When Elizabeth II assumed the throne, in 1952, aged 25 years, she inherited a large empire, comprising colonies and independent countries, Britain had colonised over centuries. However, over the course of her 70-year-long reign that ended with her passing at age 96, the former British empire had reduced to a fraction of its former self, with the queen being the head of 14 Commonwealth realms along with the United Kingdom. While countries like India, Pakistan, Sri Lanka, Nigeria, etc, chose the path to become independent republics, these 14 chose to remain constitutional monarchies, with the London-based monarch as the head of the state. The role has now been passed on to her son and heir King Charles III. However, the death of the former monarch has rekindled the republican debate with these former colonies contemplating if this is the time to strip all ties from their colonial past.
One of our own
After confirming King Charles as the head of the state, the Caribbean nation of Antigua and Barbuda announced plans to hold a referendum on becoming a republic within three years. Prime minister Gaston Browne announced the plans while emphasising that it was “not an act of hostility” but the “final step to complete the circle of independence to become a truly sovereign nation”.
Last year, Barbados, another Caribbean country, voted to remove Queen Elizabeth II as the head of the state and swore in Sandra Mason as its first president.
Similarly, starting this June, Jamaica started its process of transitioning into a republic. The Caribbean nation is expected to remove the British monarch as the head sometime before its next general election in 2025. Similar calls for republicanism, or complete independence, can also be heard across the Caribbean, Africa, and the Pacific.
Take the case of Australia, whose recently elected PM, Anthony Albanese, is a republican. Just before the Queen’s Platinum Jubilee earlier this year, House of Representatives member Matthew Thistlethwaite was appointed as assistant minister for the republic, which means it was for the first time that a government MP was appointed to make the case for Australia becoming a republic. Not just that, in a poll earlier this year, 54% of Australians voted in favour of their country becoming a republic.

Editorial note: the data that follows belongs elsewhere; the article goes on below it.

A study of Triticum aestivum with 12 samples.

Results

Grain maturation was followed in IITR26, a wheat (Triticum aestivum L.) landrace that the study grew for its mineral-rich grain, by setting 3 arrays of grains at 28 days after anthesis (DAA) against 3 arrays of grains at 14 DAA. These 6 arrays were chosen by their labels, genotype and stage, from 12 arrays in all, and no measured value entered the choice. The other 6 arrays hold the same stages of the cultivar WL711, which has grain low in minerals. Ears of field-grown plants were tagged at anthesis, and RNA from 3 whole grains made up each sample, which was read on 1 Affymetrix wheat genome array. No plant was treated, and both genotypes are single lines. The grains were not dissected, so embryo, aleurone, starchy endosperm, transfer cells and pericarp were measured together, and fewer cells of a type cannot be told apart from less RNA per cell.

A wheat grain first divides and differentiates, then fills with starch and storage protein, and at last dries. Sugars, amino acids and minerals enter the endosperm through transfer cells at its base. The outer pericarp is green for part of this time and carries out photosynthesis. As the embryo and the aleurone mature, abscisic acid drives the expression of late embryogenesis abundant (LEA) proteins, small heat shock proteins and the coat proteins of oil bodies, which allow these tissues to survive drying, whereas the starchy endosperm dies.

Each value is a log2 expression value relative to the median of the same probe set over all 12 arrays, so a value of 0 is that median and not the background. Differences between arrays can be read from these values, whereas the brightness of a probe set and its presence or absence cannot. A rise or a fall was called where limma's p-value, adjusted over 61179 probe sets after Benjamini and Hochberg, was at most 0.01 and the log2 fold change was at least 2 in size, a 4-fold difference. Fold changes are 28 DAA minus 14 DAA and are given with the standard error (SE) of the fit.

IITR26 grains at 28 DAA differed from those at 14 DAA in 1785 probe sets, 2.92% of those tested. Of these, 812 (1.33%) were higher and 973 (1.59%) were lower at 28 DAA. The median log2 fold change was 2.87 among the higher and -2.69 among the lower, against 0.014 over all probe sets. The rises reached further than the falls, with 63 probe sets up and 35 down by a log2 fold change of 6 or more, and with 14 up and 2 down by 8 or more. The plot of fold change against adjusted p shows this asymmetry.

On the other hand, while New Zealand PM Jacinda Ardern has reaffirmed her support for her country becoming a republic, she hinted that it is not going to happen any time soon. “I believe it’s likely to occur in my lifetime, but I don’t see it as a short-term measure or anything that is on the agenda anytime soon,” she said, after expressing support for King Charles. Not just that, in a poll last year, just a third of New Zealanders voted in support of a republic.
Other kinds of calls
While the debates over republicanism are profound, other kinds of calls concerning Britain’s colonial past cannot be shunned. While the calls for the British crown to return the famed Kohinoor diamond run galore in India, the same is happening in South Africa over the return of the Great Star of Africa, the largest uncut diamond in the world.
This is the thing. Although the late Queen exhibited the benevolent and gentle face of the British monarch, it could not undo the years of exploitation and pauperisation that the crown meted out to its former subjects across its colonies spanning from Africa and the Caribbean to Asia and the Pacific.
When Prince Williams and his wife Kate visited Jamaica earlier this year, they were greeted with protests and demands for apology and reparations. Similarly, as soon as this August, Nana Akufo-Addo, the president of Ghana, which gained independence from Britain in 1957, called on the European nations to pay reparations to Africa for a slave trade that held back its “economic, cultural and psychological progress.”
Not the same
Although Charles III has become the King long after the decolonisation process, set rolling following World War II, is over, questions loom if he would be able to offer the same face as his mother. Differences are plenty. While Elizabeth assumed the charge at an age of 25, Charles ascended to the top at 73. Also, 1952 was a much different time than 2022, and the Queen did serve as a symbol of stability over several tumultuous years. Then the generational thing also plays in the mix. As demography has shifted across these countries, people tend to connect more with the younger royals than with the one who has assumed the throne. In the end, whoever is the face of the British monarch, stripping off the cruel colonial legacy is a tough job for anybody.